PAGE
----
Starring Heather Juergensen and Jennifer Westfeldt
Screenplay by Heather Juergensen and Jennifer Westfeldt
Directed by Charles Herman-Wurmfeld
Official website

IN SHORT: "Even between the closest human beings infinite distances continue to exist." So sleep with a friend. [Rated R for sexual content and language. 96 minutes]

How do you make a movie that includes homosexual interaction and still raise the interests, so to speak, of a general moviegoing audience? You make it about lesbians and you make it as clever you can. The heart of Kissing Jessica Stein is more about friendship than sex though early in the film it tackles the topic of why girl-girl connections are sexier than guy-guy connections. If you have no tolerance for same sex interactions, look elsewhere. More to the point, the "bonding" scenes work but when combined with the seduction and/or makeout scenes, the movie drags. Only a healthy dose of New York Jewish humor, and almost every character in Kissing Jessica Stein is a Member of the Tribe and a character out of the Sandra Bullock mold keeps the movie working. Of course we've 'fessed up before that Bullock drives this MOT absolutely crazy out of his severely damaged gourd. Your results may vary.

Let's put it this way: IF Cranky (whose social life adds a tenth circle to Dante's Inferno) brought a girl like Jessica Stein (Jennifer Westfeldt) home to meet momma, the old lady would kvell in her orthopedic supports. A copy editor at the New York Tribune newspaper, Stein is much more than plain book smart. Right off the bat you know she doesn't stand a chance in the kill or be killed dating world. Flanked by her mother Judy (Tovah Feldshuh) and Grandma Esther (Esther Wurmfeld) on the Holiest Day of the Jewish Year, Yom Kippur, the older ladies evaluate all the single men of the Congregation as they repent their sins, whether they did 'em or not. While this portion doesn't include the list of truly stomach tuning sins that we've got to give up, anyone outside of the Tribe cannot fail to make the connection to intrusive parents worried about single progeny and their attempts to fix the problem.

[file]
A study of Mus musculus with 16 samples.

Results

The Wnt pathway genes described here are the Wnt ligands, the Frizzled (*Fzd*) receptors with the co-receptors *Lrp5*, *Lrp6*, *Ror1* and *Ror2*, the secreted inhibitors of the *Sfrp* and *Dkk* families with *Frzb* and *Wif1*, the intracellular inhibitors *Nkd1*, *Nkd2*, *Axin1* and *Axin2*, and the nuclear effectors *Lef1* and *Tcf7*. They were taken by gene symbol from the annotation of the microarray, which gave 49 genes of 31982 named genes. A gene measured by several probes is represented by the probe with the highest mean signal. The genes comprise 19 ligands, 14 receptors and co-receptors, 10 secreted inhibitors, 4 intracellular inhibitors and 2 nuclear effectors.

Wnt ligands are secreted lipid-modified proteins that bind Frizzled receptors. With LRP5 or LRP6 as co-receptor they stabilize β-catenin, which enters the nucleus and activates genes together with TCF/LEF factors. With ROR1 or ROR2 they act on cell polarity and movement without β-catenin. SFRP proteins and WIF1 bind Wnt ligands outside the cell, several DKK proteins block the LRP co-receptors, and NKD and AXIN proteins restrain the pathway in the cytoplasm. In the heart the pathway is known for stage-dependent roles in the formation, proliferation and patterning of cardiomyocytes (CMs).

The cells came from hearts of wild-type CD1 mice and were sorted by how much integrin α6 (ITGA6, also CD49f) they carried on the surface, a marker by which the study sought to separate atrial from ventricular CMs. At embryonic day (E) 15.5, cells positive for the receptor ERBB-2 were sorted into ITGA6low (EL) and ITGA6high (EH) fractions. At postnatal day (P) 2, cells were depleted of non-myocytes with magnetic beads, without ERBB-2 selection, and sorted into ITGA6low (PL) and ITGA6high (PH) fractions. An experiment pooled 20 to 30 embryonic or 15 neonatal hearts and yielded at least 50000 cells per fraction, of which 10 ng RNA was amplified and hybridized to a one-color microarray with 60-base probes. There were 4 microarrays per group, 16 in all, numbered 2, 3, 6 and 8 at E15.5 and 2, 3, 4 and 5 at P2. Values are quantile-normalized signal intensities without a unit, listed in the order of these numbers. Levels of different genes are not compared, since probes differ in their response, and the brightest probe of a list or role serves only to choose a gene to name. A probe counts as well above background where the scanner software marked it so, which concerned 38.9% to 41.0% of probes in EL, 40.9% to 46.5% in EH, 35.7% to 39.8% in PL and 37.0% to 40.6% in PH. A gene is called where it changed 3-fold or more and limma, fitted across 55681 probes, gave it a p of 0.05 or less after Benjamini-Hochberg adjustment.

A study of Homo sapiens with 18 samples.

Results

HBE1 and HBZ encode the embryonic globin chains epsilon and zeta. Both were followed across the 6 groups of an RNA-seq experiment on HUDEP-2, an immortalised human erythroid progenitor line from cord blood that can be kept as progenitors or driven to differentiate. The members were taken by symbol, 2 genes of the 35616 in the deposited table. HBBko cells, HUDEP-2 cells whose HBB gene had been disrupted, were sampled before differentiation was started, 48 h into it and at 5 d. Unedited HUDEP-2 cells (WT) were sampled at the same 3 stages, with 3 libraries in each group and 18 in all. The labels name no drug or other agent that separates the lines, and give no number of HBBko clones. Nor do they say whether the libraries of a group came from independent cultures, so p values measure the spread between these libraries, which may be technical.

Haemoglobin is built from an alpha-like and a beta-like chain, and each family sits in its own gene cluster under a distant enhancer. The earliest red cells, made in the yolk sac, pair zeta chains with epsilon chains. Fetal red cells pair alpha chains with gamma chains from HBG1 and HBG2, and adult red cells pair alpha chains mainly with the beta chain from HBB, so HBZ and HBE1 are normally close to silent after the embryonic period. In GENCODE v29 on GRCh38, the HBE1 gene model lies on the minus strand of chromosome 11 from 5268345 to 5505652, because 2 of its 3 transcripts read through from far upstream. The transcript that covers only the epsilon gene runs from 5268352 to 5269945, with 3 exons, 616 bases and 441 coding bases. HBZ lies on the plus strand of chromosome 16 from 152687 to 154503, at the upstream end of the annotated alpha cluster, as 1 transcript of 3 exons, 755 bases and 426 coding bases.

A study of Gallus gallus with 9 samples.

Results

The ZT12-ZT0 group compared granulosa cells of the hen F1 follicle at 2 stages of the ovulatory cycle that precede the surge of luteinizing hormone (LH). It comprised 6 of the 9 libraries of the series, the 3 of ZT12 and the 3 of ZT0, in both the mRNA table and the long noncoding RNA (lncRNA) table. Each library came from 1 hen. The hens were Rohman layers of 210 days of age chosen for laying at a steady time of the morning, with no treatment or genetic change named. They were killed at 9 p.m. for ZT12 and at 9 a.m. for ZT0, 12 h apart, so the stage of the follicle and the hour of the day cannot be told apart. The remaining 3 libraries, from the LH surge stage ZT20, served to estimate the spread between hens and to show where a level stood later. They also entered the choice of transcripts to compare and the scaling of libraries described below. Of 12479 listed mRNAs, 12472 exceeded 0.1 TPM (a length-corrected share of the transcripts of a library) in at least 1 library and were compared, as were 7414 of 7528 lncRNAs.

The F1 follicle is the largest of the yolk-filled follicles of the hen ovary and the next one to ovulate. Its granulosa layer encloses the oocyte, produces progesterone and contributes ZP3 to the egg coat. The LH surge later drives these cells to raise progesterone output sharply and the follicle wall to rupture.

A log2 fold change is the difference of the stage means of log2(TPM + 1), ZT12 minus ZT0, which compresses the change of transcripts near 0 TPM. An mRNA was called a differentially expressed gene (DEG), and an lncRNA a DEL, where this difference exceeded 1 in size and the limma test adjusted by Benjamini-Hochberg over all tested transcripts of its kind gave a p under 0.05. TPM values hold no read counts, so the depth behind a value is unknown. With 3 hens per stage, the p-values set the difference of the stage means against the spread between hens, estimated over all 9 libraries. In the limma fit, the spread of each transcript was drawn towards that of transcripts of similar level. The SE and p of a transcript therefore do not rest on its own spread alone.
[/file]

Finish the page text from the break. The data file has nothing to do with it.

It's very funny. But poor Jessica is surrounded by signs of Happiness and Commitment and that gets her down. Her friend and coworker Joan Levine (Jackie Hoffman) is pregnant. Her usually offscreen brother Danny (David Aaron Baker) has just popped the question and presented the ring to his beloved Rachel (Jennifer Carta). Then there's Josh Meyers (Scott Cohen), her boss and one time significant other, who was dumped because he is/was one royal jerk. As for her own life, the awful loneliness of perpetual singlehood looms hard and threatening over Ms. Stein. The only alternative: Dates From Hell. From the writer with a mangled vocabulary to the accountant who splits the bill down to the individual cost per piece of the greens in the salad they shared, it's a generic scene and just as funny as every other DFH sequences you've ever seen. The alternative? The Village Voice. Single New Yorkers all know that perusing and/or using the VV personal ads are a mandatory rite of passage. This film tips that adding a serious quote from any philosopher studied in college is a sure way to attract the upper echelon of readers. It is a quote from Rilke that catches Ms. Stein's ear when Joan reads it out loud. The only problem is that the ad is in the "Women Seeking Women" section. When no one is looking, Jessica answers the ad, curious but not much more.

Her date is Helen Cooper (Heather Juergensen), a bisexual shark of a lady, who has picked the quote aided by pals Martin (Michael Mastro) and Sebastian (Carson Elrod), intent on nailing a strait girl. There's nothing malicious about it. Just like a lot of what passes for the downtown scene, Helen is bored and seeks a challenge. She's not about to let Jessica off the hook but she's not shallow enough to walk after all her passes are rejected. As much as her character softens, Helen is not about to wait forever even as a strong friendship blooms. Jessica knows it. She sets a date to finally make up her mind. Here is where the movie kicks into high gear, not because of anything to do with sex, but because of the insertion of Jessica's mom into the mix and the perpetual problem of those in the closet about trying to hide that fact from everyone in their lives.

That doesn't mean we've tipped the Third Act, unless we have. Kissing Jessica Stein is a very sophisticated, very urban comedy, which means it may not "play" outside of New York, LA and the indie circuit. Speaking solely of the first two acts, Jessica's waffling character coupled with a performance by Juergensen that we found weak, keeps this Kissing Jessica Stein at our indie film ratings level, our trembling knees aside.

On average, a first run movie ticket will run you Nine Bucks. Were Cranky able to set his own price to Kissing Jessica Stein, he would have paid . . .


For those who avoided philosophy, or college, like the plague, buy a copy of Bartlett's Familiar Quotations. (our "in short" quote by Rilke from the 16th edition softcover, page 630. heh heh heh.)